Stopping scar tissue improves healing after heart attack in mice
At a Glance
- Mice deficient in a protein called type 5 collagen formed larger scars after a heart attack and had worse heart function.
- Using a drug to disrupt this process let the mice heal normally, suggesting a potential approach to improve heart function after heart attack.
More than 800,000 people in the U.S. have a heart attack each year. With modern treatments, most survive. But a heart attack can cause permanent damage to heart muscle.
After a heart attack, the body’s repair system replaces damaged heart muscle with scar tissue. For reasons that aren’t well understood, some people develop much larger scars after a heart attack than others. People with larger scars have a higher risk of other heart problems and death.
A research team led by Dr. Arjun Deb from the University of California, Los Angeles has been trying to develop methods to improve healing and reduce scarring following heart damage. In their new study, they examined heart tissue from mice to identify which genes are activated after a heart attack.
The study was funded in part by NIH’s National Heart, Lung, and Blood Institute (NHLBI) and National Institute of Arthritis and Musculoskeletal and Skin Diseases (NIAMS). Results were published on July 3, 2020, in Cell.
The researchers found that some of the genes whose activity increased the most after a heart injury encoded for proteins called collagens, which help give tissues strength and structure. Levels of one collagen, called type 5 collagen, were elevated in scar tissue during the early stage of the healing process.
The team next engineered a strain of mice to be deficient in type 5 collagen. Unexpectedly, the mice were substantially more likely to have severe and abnormal scarring after a heart attack. The hearts of mice low in type 5 collagen were also enlarged and performed worse at pumping blood after healing.
The collagen fibers in the scar tissue lacking type 5 collagen, instead of being neatly organized, were in disarray. Testing showed that this scar tissue was more flexible than normal, allowing it to expand. This explains why it is worse at helping the heart beat normally; it can’t properly transfer the forces needed in a beating heart.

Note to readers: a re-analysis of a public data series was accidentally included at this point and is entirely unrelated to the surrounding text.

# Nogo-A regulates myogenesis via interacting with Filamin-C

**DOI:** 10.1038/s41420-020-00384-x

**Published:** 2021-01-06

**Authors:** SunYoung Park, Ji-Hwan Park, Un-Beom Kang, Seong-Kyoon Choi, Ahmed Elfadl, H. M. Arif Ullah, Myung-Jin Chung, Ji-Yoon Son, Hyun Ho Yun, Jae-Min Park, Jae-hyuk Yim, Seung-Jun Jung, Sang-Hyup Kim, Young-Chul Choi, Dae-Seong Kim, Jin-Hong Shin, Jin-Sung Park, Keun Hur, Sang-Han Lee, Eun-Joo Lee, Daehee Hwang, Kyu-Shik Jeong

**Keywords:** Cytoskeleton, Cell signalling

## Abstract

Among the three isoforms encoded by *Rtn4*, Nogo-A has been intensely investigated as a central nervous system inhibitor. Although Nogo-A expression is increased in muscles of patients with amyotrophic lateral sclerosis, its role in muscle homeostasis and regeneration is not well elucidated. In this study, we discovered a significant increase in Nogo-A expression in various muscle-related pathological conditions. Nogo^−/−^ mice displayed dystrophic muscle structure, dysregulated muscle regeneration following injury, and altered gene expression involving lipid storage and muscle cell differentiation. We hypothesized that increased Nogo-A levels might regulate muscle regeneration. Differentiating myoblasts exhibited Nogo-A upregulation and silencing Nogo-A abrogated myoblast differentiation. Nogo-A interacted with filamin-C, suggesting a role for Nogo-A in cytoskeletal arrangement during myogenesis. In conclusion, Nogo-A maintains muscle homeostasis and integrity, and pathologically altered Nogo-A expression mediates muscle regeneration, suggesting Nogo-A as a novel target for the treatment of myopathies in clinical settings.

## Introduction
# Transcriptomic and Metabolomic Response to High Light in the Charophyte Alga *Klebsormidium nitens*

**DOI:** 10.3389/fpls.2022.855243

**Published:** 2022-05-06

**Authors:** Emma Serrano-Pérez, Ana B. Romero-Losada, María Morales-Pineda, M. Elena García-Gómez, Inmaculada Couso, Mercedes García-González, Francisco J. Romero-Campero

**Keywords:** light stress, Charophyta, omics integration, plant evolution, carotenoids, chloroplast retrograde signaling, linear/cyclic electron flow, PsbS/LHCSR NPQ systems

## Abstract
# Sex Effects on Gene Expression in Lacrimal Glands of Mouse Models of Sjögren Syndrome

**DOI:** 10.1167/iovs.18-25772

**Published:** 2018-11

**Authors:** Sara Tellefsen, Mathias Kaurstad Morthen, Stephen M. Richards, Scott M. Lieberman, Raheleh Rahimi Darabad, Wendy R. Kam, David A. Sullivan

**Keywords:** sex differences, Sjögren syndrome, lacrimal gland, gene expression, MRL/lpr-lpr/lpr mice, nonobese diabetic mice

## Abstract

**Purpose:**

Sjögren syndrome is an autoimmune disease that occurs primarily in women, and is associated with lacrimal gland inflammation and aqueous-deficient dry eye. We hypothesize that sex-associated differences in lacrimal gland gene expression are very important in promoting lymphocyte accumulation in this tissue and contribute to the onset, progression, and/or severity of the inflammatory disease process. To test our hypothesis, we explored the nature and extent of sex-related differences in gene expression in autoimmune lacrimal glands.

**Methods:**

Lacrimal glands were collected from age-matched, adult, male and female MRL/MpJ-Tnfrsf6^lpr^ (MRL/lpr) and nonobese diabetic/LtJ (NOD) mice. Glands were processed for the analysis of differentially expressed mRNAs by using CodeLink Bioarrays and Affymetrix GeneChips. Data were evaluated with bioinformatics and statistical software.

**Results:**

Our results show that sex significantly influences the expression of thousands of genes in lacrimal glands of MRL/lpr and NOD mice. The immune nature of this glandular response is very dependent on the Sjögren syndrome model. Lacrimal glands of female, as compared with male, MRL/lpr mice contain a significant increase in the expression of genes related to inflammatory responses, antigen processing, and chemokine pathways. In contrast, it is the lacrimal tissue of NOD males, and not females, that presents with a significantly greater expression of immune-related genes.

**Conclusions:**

The team also found that scars in the mice with type 5 collagen deficiency contained higher numbers of cells called myofibroblasts. Myofibroblasts are thought to be the main cell type responsible for producing the proteins that form scar tissue.
Further work showed that the creation of new myofibroblasts was triggered by the flexible scar tissue itself through proteins called integrins. Integrins are receptors on the surface of cells that can sense mechanical forces. Overexpansion of the scar tissue signals cells within the scar tissue, via integrin, to make more myofibroblasts. These, in turn, lay down more scar tissue. Thus the lack of type 5 collagen, by changing the mechanical properties of the scar, causes myofibroblasts to then expand the scar.
The research team injected a drug that blocks integrins (cilengitide) into mice deficient in type 5 collagen. They found that the drug prevented abnormal scarring after a heart attack. Mice given the drug produced fewer myofibroblasts, and their heart function was similar to that of mice with normal type 5 collagen levels.
“Given the clear correlation between scar size and survival rates, we set out to understand why some hearts scar more than others. If we can reduce this scarring, we can greatly improve survival,” Deb says.
Cilengitide was developed as a cancer treatment and is not approved for use after a heart attack in people. The researchers now hope to study it further for heart disease. They also plan to test the drug as a treatment for Ehlers-Danlos syndrome, a rare disease caused by deficiency in type 5 collagen.
—by Sharon Reynolds
Funding: NIH’s National Heart, Lung, and Blood Institute (NHLBI), National Institute of Arthritis and Musculoskeletal and Skin Diseases (NIAMS), National Center for Advancing Translational Science (NCATS), and National Institute of General Medical Sciences (NIGMS); Department of Defense; National Science Foundation; Eli and Edythe Broad Stem Cell Center; California Nanosystems Institute; James Eason Cardiovascular Discovery Fund.